As the first Black female dwarf to be featured in the beloved fantasy story of J.R.R. Tolkien’s The Lord of the Rings saga, Sophia Nomvete has broken ground. But her presence in the lore as a woman of color wasn’t exactly something many die-hard fans of the writer’s work was prepared for.
Nomvete stepped into the fantasy tale as Princess Disa of Khazad-dûm with the premiere of Prime Video’s LOTR: The Rings of Power last year, a warm and confident ruler who uses her talents, wits, and strengths to keep her loved ones’ legacy upheld.
“I am a mother, and to be able to host this character who is a princess, a regal, formidable woman, it is everything that I believe the world and the franchise need and should be really really proud of, and I am beyond excited to be a part of that,” Nomvete told ESSENCE in an exclusive interview at the time of the show’s initial release.
However, some of that excitement was quickly dashed when initial photos of Nomvete as Disa made the rounds in the media and on fan sites. As Nomvete revealed to The Hollywood Reporter during their second annual second annual Raising Our Voices luncheon, she was “statistically the most attacked castmember of the entire show,” facing an onslaught of racist backlash from LOTR fans.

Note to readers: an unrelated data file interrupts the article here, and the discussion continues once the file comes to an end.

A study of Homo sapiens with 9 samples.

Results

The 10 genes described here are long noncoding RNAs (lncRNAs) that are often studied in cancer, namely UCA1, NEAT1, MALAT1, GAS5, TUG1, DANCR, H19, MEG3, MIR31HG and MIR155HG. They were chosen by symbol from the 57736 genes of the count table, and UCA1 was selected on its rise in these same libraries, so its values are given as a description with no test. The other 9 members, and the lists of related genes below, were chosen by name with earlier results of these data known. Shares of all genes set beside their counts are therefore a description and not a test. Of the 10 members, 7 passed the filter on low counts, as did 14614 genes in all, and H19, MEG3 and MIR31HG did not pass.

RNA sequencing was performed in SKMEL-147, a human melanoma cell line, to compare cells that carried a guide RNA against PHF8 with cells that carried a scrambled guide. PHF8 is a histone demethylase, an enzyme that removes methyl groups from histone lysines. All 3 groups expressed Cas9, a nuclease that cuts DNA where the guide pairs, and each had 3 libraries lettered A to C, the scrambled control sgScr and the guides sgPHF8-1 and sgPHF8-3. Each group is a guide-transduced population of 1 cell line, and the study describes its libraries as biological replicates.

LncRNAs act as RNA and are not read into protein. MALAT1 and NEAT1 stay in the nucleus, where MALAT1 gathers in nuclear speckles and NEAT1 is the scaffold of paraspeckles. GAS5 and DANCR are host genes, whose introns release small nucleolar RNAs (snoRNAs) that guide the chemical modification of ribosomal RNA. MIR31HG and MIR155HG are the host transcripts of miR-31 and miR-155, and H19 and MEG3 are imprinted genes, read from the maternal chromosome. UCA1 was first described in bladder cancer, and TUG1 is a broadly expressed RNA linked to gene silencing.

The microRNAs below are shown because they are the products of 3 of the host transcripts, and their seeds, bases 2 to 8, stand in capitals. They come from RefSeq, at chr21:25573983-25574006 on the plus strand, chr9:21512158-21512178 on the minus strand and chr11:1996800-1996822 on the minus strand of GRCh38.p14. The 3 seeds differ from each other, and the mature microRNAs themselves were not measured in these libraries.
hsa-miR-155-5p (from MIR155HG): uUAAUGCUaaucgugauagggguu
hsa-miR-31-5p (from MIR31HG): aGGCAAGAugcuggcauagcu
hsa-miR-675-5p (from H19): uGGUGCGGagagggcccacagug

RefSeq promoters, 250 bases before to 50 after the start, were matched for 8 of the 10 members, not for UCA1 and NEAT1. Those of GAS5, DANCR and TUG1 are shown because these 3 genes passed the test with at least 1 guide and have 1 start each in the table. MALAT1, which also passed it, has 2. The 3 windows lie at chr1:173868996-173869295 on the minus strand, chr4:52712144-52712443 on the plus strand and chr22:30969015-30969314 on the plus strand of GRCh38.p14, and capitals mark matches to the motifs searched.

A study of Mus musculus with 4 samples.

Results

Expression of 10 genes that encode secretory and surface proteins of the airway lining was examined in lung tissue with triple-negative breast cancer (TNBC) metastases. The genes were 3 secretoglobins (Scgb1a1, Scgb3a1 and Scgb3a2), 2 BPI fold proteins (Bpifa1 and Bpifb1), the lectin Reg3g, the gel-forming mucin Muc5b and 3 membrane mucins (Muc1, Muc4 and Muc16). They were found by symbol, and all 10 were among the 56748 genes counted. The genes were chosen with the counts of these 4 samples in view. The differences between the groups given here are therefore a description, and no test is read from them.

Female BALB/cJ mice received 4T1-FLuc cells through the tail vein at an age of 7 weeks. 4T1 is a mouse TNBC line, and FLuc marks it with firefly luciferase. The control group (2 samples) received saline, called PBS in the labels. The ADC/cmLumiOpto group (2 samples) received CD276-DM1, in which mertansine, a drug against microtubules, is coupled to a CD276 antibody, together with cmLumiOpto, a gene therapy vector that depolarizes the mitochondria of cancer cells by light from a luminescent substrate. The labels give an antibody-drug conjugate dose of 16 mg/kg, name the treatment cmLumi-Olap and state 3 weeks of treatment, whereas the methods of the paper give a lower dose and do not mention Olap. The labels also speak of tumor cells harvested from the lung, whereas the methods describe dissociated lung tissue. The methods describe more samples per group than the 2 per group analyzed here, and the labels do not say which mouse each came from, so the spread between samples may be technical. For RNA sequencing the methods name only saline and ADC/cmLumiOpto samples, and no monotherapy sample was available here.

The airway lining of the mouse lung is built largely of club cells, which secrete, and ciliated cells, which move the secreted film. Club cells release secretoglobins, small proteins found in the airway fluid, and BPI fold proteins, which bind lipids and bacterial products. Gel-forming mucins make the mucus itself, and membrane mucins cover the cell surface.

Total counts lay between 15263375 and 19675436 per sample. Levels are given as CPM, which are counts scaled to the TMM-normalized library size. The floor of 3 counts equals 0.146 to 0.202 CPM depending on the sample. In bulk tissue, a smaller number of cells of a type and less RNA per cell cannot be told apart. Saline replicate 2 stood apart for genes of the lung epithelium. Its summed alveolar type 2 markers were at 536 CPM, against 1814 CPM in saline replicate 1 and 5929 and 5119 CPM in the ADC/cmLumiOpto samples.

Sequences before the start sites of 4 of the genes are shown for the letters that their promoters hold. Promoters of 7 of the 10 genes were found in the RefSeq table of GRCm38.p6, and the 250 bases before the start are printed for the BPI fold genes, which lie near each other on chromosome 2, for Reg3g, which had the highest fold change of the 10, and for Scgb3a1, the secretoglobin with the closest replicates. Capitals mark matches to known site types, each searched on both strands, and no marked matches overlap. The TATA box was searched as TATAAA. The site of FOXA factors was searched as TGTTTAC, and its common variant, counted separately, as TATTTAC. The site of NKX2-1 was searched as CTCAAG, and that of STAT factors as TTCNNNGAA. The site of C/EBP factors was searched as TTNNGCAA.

“There were N-bombs, I had no place here. ‘You’re too fat, you’re too black. Why are you here?’” Nomvete said. But Nomvete kept the bigger picture in mind, and refused to let the hateful words of a vocal subset run her off from one of the biggest opportunities of her career and a huge step in representation in the fantasy genre..
“I realized that my place in this show is not just a celebration, it is an act of defiance against a reality that is simply not true, which is that we have no place on screens or in fantasy spaces,” she said.
For the sake of her then-infant daughter, and also for generations of future fantasy fans coming behind her, Nomvete instead chose to make her character the most powerful and dynamic she could be – embodied by a Black woman.
“And so I marched to the showrunners and I begged them to make this moment matter. I begged them not to make her subservient or just the wife-of or the funny fat friend. I begged them to make her quite a sexual titan.”
“I went through the seven stages of grief by reading some of the comments, and then understood the assignment – and that was to help people understand and to embrace them and love them. You would never disregard a child if they were scared. They’re scared. They’re frightened because they haven’t seen us before,” she said. “I’ve made it my mission to ease their fear.”